Paul Kirk — Bayesian Inference for tumor heterogeneity using the Hamming Ball Sampler
Starts: 2:00 pm
Ends: October 23, 2014 - 3:00 pm
Location: GBSF auditorium
Description: Presenter: Paul Kirk, Department of Statistics and Wellcome Trust Centre for Human Genetics, University of Oxford, UK
Abstract: The characterization of sub-clonal structure from whole genome sequencing of heterogeneous tumors is a computationally challenging problem due to the large number of mutations and unknown number of tumor sub-populations. Many recent approaches have adopted methods based on Bayesian nonparametric models (the Dirichlet or Indian Buffet Process) but standard computational methods for inference for these models can be slow as they rely on inefficient Markov Chain Monte Carlo methods. We have developed a novel Markov Chain Monte Carlo sampling algorithm that allows efficient and exact Bayesian inference for multiple membership models that is scalable to massive datasets. While standard approaches use asymmetric updates that are prone to becoming trapped in local modes, our algorithm uses locally symmetric modes that allows joint updating of the latent variable structure. We illustrate the utility of the sampling algorithm for tumor deconvolution problems and demonstrate its advantage over standard computational alternatives.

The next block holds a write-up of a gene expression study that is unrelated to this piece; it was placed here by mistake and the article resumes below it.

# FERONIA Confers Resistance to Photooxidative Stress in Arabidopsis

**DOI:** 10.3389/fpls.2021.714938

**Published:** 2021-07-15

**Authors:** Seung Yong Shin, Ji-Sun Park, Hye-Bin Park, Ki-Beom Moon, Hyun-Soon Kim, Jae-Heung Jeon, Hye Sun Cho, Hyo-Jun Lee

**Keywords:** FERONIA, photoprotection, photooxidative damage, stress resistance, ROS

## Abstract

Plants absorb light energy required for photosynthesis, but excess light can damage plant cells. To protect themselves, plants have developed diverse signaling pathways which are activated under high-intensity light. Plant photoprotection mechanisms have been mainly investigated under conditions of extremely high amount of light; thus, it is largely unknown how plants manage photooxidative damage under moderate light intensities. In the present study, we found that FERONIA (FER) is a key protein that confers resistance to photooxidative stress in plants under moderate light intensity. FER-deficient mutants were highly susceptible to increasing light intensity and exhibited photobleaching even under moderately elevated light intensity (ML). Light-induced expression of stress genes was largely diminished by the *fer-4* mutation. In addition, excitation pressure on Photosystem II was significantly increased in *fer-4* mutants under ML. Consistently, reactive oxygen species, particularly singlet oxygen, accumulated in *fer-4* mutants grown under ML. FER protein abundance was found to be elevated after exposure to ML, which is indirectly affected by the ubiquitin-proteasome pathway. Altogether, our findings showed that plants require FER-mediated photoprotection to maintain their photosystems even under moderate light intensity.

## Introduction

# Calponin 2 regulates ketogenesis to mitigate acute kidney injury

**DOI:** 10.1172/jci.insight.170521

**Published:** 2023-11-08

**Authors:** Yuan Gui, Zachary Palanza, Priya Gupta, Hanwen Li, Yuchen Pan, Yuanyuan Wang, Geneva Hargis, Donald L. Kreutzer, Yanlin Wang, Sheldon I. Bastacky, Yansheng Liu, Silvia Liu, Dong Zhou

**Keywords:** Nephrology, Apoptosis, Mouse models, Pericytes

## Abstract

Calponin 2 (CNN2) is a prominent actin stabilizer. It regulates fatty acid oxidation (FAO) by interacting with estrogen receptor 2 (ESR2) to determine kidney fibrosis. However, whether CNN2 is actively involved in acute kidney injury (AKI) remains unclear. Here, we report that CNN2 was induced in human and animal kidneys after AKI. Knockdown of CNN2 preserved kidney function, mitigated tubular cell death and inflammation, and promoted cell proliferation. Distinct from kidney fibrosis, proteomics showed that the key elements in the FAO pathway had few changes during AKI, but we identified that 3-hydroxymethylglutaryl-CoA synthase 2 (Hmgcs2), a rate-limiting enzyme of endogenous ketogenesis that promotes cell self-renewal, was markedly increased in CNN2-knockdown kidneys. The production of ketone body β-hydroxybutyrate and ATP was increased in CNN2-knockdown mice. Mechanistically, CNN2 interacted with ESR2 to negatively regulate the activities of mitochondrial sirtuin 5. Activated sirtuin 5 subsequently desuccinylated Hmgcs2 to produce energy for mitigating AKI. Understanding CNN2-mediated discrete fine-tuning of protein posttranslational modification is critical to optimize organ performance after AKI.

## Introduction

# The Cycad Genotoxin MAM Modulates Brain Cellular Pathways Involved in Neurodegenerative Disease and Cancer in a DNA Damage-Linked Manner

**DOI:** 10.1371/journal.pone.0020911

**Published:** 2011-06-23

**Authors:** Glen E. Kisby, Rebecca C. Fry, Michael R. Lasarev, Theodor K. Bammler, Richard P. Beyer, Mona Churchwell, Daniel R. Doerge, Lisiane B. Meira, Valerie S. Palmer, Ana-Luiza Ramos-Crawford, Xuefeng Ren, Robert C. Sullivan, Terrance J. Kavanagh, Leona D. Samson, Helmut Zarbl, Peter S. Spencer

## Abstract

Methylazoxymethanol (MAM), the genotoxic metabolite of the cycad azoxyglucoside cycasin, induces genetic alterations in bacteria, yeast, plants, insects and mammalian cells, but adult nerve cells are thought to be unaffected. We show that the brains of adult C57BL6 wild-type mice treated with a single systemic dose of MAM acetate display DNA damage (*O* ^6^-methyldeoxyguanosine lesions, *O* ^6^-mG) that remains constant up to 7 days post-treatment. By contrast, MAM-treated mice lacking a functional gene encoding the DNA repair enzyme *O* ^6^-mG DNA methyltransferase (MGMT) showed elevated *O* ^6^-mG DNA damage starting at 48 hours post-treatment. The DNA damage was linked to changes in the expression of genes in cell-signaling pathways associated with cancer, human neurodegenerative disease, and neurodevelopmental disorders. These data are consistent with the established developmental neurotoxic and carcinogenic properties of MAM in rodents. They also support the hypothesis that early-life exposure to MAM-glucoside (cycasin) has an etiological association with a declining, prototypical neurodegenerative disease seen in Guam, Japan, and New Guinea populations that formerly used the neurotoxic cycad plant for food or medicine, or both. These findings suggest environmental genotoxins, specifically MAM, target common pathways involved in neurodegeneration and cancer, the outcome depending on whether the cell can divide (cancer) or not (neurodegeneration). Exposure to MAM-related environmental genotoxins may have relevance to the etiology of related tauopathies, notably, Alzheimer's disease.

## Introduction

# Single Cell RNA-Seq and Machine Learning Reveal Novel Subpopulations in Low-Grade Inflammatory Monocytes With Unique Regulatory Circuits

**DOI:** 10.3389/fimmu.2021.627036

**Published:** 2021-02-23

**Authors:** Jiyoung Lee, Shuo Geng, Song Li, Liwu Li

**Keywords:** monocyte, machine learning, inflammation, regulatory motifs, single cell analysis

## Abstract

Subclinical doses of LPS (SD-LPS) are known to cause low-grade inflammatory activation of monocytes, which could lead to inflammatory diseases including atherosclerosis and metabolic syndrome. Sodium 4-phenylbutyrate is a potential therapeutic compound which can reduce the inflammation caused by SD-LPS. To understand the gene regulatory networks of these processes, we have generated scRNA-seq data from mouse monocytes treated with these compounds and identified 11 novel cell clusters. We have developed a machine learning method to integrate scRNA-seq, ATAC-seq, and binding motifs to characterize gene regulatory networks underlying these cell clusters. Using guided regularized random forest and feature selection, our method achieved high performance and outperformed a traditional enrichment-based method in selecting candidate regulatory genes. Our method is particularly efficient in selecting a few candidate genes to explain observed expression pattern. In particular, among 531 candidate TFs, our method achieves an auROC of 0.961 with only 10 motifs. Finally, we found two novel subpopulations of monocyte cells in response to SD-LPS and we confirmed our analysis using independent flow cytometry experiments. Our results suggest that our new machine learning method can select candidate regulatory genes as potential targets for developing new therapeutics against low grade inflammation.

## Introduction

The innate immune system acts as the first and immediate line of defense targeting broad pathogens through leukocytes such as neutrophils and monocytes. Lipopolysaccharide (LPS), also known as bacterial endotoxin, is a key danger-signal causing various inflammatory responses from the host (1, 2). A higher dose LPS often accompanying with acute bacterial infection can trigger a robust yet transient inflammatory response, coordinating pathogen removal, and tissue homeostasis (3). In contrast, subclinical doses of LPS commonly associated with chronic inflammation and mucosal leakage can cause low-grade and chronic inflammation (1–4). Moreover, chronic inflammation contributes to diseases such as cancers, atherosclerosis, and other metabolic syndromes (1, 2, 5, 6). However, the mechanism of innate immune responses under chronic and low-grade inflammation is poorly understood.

For questions, or to meet with the speaker, please contact Luis Carvajal-Carmona (firstname.lastname@example.org) or John Williamson (email@example.com)
Diana Wall — Lessons from an Antarctic Desert Documenting Climate Change and Measuring its Impact on Soil Life
Starts: 4:10 pm
Ends: October 23, 2014 - 5:10 pm
Location: 3 Kleiber Hall
Description: Diana Wall:
University Distinguished Professor, Department of Biology Director, School of Global Environmental Sustainability Colorado State University
Dr. Wall is an internationally recognized ecologist for her research to explore how soil biodiversity contributes to healthy, productive soils and thus benefits society, and the consequences of human activities on soil sustainability. Her global research includes more than twenty years of research in the Antarctic Dry Valleys examining how climate change affects soil biodiversity, ecosystem processes and ecosystem services. Wall Valley, Antarctica was named for her achievements in 2005.
She serves as Science Chair for the Global Soil Biodiversity Initiative. A Board Member of the World Resources Institute, she has served also as President of the Ecological Society of America, the American Institute of Biological Sciences, the Association of Ecosystem Research Centers, the Society of Nemaologists, and Chair of the Council of Scientific Society Presidents. She is a Fellow of the American Association for the Advancement of Science, is a member of the American Academy of Arts and Science, and holds an Honorary Doctorate from Utrecht University, The Netherlands. Dr. Wall received the 2013 Tyler Prize for Environmental Achievement, which is the premier international award for environmental science, environmental health and energy conferring great benefit upon mankind.